How to Find Balance Between Leadership and Management
Today’s post is by Ming Ong. Learn more about him at the end of the post. Here’s Ming…
In Leading Change, the Leaders as Chief Transformation Officer, Warren Bennis said, “Management is getting people to do what needs to be done. Leadership is getting people to want to do what needs to be done. Managers push. Leaders pull. Managers command. Leaders communication.”
The fine line between management and leadership within the workplace is encountered often, and by many individuals in position of authority. Business leaders often fall into a managerial role and take on a plethora of management tasks. However, leadership and management are two distinctively different, though complementary, systems of action.
Management is about controlling tasks and creating order in an environment, while leadership is about influencing and motivating staff. Without structured management and control, a business can snowball into chaos. Management is crucial to the success of every and any business, regardless of the industry or business size.
Without successful leadership, employees are not motivated to do any more than the bare minimum – also eventually leading to chaos and disorder. Leadership without management cannot sustain change and make improvements in the now; management without leadership is a goalless endeavor that lacks “the big picture” where businesses remain resilient to change.
What our businesses today need are managers who lead, inspire and motivate employees to achieve business-wide goals. Relying too heavily on one or the other can be detrimental to a business.
A large part of being a productive leader is to build and foster relationships with employees, and to encourage employees to build solid relationships with one another. Looking at the long term, healthy relationships in the workplace build an environment where employees want to complete their tasks and are not forced to do so, where they would otherwise grow to resent you as a manager. While you may be managing your employees and seeing tasks are completed, a bitter relationship will form and employees will approach work halfheartedly. Finding a balance between management and leadership can come down to healthy relationships, inspiring staff and a productive environment that fosters growth and achievement.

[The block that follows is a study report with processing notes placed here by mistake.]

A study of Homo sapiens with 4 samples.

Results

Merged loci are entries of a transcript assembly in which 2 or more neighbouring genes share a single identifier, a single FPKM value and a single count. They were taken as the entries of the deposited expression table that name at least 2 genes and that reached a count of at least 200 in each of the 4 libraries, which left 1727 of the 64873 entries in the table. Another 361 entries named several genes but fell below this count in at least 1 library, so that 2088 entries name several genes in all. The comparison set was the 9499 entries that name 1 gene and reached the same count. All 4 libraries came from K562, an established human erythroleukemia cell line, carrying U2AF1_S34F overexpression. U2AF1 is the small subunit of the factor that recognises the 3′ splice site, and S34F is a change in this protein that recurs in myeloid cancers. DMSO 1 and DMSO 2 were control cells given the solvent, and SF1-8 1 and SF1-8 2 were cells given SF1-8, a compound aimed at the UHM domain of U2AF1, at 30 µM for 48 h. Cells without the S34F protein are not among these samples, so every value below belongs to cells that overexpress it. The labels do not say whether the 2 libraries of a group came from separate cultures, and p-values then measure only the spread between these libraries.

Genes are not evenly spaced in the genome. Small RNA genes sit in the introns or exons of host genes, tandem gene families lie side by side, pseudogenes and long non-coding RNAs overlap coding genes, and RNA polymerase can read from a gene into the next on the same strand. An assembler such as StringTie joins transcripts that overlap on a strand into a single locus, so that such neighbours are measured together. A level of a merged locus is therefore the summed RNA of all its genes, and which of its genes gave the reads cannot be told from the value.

A few things that help build positive relationships are:
– Employee awareness. Keep in regular contact with your employees, hear about what your employees are doing and what they have on their plate. They will appreciate that you take the time to understand their daily tasks and the effort you put into talking to them.
– Accountability. Hold your employees accountable for their tasks and to-do lists. This goes hand-in-hand with understanding your employees’ task lists and timelines.
– Empowerment. Offer guidance to your employees but let them make decisions when possible. This makes them feel valuable and encourages them to learn more, which they will grow to appreciate.
– Inspire, don’t control. Micro-managers and/or controlling leaders often deter employees from reaching out, taking educated risks and takes away from a self governed that hosts a desired driven work ethic.
As a manager or as a leader, the ultimate goals are the same – the path to get there is where they differ. But ultimately, we need to find the balance between the two, no matter how difficult it seems. Building lasting relationships, creating a productive and inviting atmosphere, and ensuring that the necessary tasks are being completed beyond expectations – that is what we seek in the workplace. As respected relationships are built between employees, a productive environment will self-generate: one that fosters employee growth and communication, and ultimately leads to a successful business.
Ming Ong regularly writes for ShiftPlanning Inc., a San Francisco based company that offers an online workforce management and staff scheduling software application.
Ming–I have a slight disagreement. Here is my view.
Managers use current methods, procedures, and resources to get the work done. They want stability.
In contrast, leaders want change. They influence and inspire others to make changes to improve the status quo.
You need both stability and change in your organization, but in the right combination.
Too much stability and not enough change isn’t good. If you aren’t changing fast enough to keep up with the demanding, dynamic marketplace, you’re in trouble.
On the flip side, too much change can produce chaos and confusion. It can be overwhelming for employees.
In what situations do you need to spend more time managing (pursuing stability) or leading (initiating change)?
Get leadership right, and management will take care of itself.
A middle of the road approach will not work.
As Jim Hightower once said, the only thing in the middle of the road are yellow stripes and dead armadillos.